Image courtesy the David Rumsey Map Collection
Pittsburgh, most famous today for steel and yellow-and-black professional sports teams, has a history dating back to Colonial times. If you’re lucky, you can use historical maps of Pittsburgh to discover how your ancestors fit into the city’s history.
The French first settled the region where the Allegheny and Monongahela Rivers meet to form the Ohio River in 1754. The British captured the site (called Fort Duquesne) and built their own stronghold, “Fort Pitt,” a few years later. The settlement became the city of Pittsburgh in 1816, and the city rose to prominence by producing large amounts of iron and (later) steel.
Pittsburgh continued to grow, both in population and land area. People flocked to the region, and Pittsburgh’s population nearly quadrupled between 1870 and 1900. Because of this population boom, Pittsburgh ranked in the top-10 most-populated cities in the United States from 1910 to 1940.
The map above shows Pittsburgh in 1891 during this population boom. Note the “Pittsburg” label, the result of officials removing the H from the city’s name in 1890. (They restored the city’s name to the current spelling in 1911.) The detailed map features each street name, plus the names of the railways that ran through the Pittsburgh area. The numbered list indicates where on the map prominent buildings (including city hall and the Carnegie Library) are located.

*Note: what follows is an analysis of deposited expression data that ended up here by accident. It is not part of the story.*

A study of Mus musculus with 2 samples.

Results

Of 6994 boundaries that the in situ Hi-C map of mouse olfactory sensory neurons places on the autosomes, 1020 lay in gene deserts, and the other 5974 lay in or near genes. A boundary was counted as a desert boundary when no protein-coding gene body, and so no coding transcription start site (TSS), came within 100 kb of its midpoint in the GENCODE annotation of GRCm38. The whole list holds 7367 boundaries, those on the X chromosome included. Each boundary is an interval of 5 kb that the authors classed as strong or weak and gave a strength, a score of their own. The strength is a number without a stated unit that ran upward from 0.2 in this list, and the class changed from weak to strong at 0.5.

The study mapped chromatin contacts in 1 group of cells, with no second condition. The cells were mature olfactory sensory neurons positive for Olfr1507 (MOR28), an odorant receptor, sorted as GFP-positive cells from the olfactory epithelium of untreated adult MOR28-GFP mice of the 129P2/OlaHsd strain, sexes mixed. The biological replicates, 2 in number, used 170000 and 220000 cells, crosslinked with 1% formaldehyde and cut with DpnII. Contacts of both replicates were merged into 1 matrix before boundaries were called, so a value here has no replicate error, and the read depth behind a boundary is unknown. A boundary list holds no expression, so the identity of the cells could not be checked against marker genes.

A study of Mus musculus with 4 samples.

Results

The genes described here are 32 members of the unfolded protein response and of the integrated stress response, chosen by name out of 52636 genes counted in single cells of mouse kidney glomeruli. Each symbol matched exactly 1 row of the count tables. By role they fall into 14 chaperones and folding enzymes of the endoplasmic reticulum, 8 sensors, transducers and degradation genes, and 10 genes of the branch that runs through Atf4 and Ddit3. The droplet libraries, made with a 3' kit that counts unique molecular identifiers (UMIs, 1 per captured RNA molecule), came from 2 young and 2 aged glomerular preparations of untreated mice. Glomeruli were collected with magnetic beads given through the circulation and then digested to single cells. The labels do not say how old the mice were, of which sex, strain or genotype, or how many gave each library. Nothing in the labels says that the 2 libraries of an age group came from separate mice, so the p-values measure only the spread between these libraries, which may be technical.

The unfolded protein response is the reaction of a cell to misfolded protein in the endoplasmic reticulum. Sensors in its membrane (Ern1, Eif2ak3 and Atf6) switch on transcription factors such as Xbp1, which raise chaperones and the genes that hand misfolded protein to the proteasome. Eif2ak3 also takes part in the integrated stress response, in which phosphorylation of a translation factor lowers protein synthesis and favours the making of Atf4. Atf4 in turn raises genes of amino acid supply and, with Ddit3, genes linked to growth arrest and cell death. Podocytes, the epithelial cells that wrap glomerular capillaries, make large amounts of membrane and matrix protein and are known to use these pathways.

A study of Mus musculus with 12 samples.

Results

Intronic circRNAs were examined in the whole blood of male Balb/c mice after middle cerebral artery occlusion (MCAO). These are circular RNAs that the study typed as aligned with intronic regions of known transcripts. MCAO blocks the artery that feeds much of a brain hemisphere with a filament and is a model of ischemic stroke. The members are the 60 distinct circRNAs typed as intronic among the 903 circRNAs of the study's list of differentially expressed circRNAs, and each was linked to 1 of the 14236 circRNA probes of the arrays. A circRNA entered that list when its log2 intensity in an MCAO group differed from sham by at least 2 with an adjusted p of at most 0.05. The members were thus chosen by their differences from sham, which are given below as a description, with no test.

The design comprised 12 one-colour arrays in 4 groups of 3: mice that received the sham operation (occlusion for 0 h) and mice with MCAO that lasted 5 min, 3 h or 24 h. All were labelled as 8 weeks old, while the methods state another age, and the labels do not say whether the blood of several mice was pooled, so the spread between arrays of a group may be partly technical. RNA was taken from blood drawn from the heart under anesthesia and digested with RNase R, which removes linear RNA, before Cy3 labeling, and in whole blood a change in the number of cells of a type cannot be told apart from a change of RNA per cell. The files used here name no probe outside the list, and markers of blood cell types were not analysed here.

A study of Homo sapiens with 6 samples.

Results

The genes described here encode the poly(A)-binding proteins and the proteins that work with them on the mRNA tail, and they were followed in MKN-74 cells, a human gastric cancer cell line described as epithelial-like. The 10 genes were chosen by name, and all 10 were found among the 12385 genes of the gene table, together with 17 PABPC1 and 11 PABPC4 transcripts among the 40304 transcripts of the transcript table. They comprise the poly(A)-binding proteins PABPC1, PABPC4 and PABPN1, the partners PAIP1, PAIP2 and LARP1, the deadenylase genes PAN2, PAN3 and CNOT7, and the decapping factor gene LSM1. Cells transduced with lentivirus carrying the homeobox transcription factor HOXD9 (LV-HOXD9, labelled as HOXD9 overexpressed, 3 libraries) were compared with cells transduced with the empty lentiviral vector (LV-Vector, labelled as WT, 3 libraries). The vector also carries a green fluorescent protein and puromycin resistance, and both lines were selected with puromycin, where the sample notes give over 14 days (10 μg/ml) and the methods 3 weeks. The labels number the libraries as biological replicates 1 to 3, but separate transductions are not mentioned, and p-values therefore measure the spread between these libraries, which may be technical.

Street maps like this one give you a glimpse of your ancestor’s neighborhood during his lifetime. You can use city directories from the University of Pittsburgh’s collection (or from the site Historic Pittsburgh) with maps like this one to determine where your ancestor lived. Since fire and flood destroyed most of the 1890 federal census, this map-directory combo can be especially crucial to documenting your ancestors’ whereabouts between 1880 and 1900.
Learn more about your Pittsburgh ancestors using our city guide. Or find more old maps of Pittsburgh (and other American cities) in The Family Tree Historical Atlas of American Cities.